Your Child’s First Language

Everyone knows their child’s first language is going to be the language they speak, but is that really the best way? That may sound counter intuitive, but what if there was a better way? Some research suggest that there might be. What if a child’s first language is sign language?

When babies use gestures from American Sign Language, it allows them to have a communication skill like no other. At this young of an age, you want what’s best for your child. When babies are around the months of eight to twelve months, frustration builds up when children try to express what they want, and they can not communicate it. But by using sign language this allows children to communicate their needs and wants. Sign language provides the ability to communicate earlier than speech. Therefore, having early communication can reduce tantrum behaviors. The capability to express emotions, will reduce the conflict of not understanding their emotions and help to reduce tantrums. Learning Sign Language as a first language at a young age also increases vocabulary and language skills. This allows children to excel at a younger level of education. Parents who teach their babies often feel closer with their child. Interacting with your child through signing allows you to understand at their level. For instance, by just getting down to their eye level, tells your child that you are on the same page as them and are willing to learn with them.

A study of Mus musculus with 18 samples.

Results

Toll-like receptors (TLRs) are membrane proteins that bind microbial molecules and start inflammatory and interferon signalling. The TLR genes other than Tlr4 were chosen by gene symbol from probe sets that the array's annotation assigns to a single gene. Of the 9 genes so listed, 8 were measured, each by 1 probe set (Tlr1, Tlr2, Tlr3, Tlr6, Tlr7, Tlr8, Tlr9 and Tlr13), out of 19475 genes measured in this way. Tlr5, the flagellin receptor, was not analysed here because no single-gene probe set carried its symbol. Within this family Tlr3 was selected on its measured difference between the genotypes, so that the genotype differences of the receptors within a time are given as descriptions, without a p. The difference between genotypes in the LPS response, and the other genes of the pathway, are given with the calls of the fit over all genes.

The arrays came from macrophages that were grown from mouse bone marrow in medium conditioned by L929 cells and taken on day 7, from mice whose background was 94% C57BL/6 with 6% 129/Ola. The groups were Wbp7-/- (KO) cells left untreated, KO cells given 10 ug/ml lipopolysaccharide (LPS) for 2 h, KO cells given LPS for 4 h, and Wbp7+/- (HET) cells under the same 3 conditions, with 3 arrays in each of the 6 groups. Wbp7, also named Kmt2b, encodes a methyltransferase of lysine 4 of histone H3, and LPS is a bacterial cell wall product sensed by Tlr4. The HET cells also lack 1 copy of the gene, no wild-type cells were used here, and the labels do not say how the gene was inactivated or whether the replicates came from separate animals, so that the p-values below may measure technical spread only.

Signing in general is frustrating and takes practice. To master it, you must take the time to learn. When signing with children it can be even more frustrating and time consuming. This also takes a lot of patients. This will pay off though because it, gives your child the opportunity to grow without feeling pressured. Children learning sign language are now able to communicate in difficult situations.

 After my brother Christian was born with Down Syndrome, we used sign language in order to communicate with him. This allowed us to sign with him when he wasn’t able to speak. I learned sign language by the time I was four  years old. It wasn’t for my benefit, but it did benefit me. Not only was I able to communicate with my brother, I had accomplished a difficult task at a young age that helped to improve the way I understood the world around me, and enabled me to communicate with a larger population that many people are cut off from. These skills have enabled me to reach other individuals with disabilities.  If a child has a disability or not, using sign language is beneficial for faster communication at a young age, it also opens the door to other communities that otherwise would remain hidden.